Interview with Design Principal Eleazar Ruiz
Eleazar is from Dominican Republic and he runs his design studio currently based in Vancouver, Wa.
What led you into remote work?
I started my design career in 2008. From 2008 to 2015, I was hopping around from one in-house gigs to another. In 2015, I lived in Seattle, and as I was transitioning jobs I came across an opportunity that was too far from where I was living at the time. I wanted the opportunity, and the employer wanted me. So we made the arrangement that I was going to come into the office twice a week (70 miles away), and the rest of the work would be done at home. I did that for two years.
Then, my wife and I decided that we wanted to move closer to our family who were living in Portland at the time. So we both asked our employers if we could become full-time remote employees and they said yes.
We had spent enough time around our teams that we created enough trust with our employers to feel comfortable with the idea. So until a couple of months ago, I was part of an in-house team as a full-time remote employee.
What does a typical day look like?
A typical day would start with a cup of coffee around 8 am. Some days, breakfast. I had a daily check-in meeting with the team at 10 am. So between 9 am-10 am I'd get ready for the day: checking emails, accessing what I was going to be working on that day. I used apps like Clear to create a daily to-do list. This list included everything; personal chores, house projects, not just work.
At 10 am, we had a 5-10min stand-up; after that, I worked until 12:00-12:30 pm. I often used my lunchtime to eat or run an errand or meet a friend. Sometimes, I took longer lunch breaks to get more personal things accomplished.
I came back to work around 1:00-1:30 pm to either attend meetings or put my head down and work. We have a fluffy labradoodle named Lola, and around 3 pm or 4 pm, she would demand a walk, so I took her for a 15-30min walk. Breaks like these were highly beneficial for my productivity; to get outside and see the rain (we live in the Northwest, remember?).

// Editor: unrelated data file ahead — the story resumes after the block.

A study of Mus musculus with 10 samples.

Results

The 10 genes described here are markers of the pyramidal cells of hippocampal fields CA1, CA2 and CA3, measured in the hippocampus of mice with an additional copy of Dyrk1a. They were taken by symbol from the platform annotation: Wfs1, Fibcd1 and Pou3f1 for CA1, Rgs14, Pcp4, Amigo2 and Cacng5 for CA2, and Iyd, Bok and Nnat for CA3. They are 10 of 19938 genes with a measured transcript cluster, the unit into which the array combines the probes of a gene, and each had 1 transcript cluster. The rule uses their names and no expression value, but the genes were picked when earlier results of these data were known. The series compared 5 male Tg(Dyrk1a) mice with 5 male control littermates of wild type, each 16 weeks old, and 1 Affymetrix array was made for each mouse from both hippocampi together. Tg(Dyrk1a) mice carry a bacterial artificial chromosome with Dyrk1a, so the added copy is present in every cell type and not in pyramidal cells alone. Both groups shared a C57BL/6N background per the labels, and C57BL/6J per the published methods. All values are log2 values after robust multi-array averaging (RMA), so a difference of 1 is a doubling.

What's your workstation setup?
My workspace is full of natural light. Living in the Northwest could be a challenge if you work from home. So when we purchased our home, we made sure we had lots of natural light coming in to avoid winter blues and low moods. I like to keep my workspace looking clean and smelling good. I buy a teakwood & tobacco infuser from P.F. Candle Co to bring good vibes.
I cannot emphasize enough the importance of really nailing your workspace arrangement and feeling. You're going to spend a long time in there, and on top of that, you might be working from home, so dialing your wonderland space is worth the investment.
What are you working on?
Nowadays, I run my own design business, which is 90% run from home. I'm currently working on finishing a website redesign for an architecture firm in town. Additionally, I just finished some brand identity work for a local boutique spa: Vibe Haus. And finally, just helped a Chicago based coffee coffeeshop go online to stay open during this Covid-19 crisis.
What’s your design process?
Everything starts with strategy sessions. Most of the work I get to do is branding and digital product projects. My process goes something like this: inquiry > meeting > estimate on scope and pricing > strategy workshops > proposal > three moodboards for the client to pick a direction > design > delivery.
What design work has recently inspired you?
Lately, I have been inspired by the work of Parker, Mouthwash, Hoodzpah Design, and Belief Agency.
What are the biggest advantages of working remotely?
- I have an entrepreneurial spirit, and so being remote has allowed me to work on a couple of different ventures.
- I control how my time is spent.
- I don't have an alarm clock. My body wakes up when it wakes up, which also means I get to bed early, so my body doesn't wake later than 8 am.
What are the biggest challenges of working remotely?
- Not being around people would my #1 complaint. I love collaboration and allowing others to push me to be better. Unless you're intentional about it, it is hard to get that opportunity if you work from home.
- In my early years of remote work, it was hard for me to stop working at a particular time. My office at the time was in the living room. I eventually moved my office to a closed-door space, and that helped me establish some work boundaries.
- People forget you exist. When you work remotely, you have to be more communicative and create rhythms that help your team remember; you're apart of the team too.
- You miss out on hallway/office chatter. This would not be a big deal if, in those conversations, good gems of knowledge regarding a project you're working on didn’t randomly drop.
Any advice for designers looking to go remote?
- Freedom can be dangerous if you're not disciplined. Make sure you're ready to handle all that freedom.
- Find other ways to be in touch with people. Go to a collab space and work from there a couple of days a week. A coffee shop doesn't cut it. Having a membership in a collab space allows you to meet new people and potentially collaborate with them.
- Make sure you set boundaries around your work hours.
- When you work remotely, you need to work a little harder to gain lasting trust. Make sure that at the beginning (2-3 months) of your remote employment, you're intentional about meeting everyone in your team at a personal level.
You can follow Eleazar on Instagram or Linkedin and find out more about his work on his studio’s website.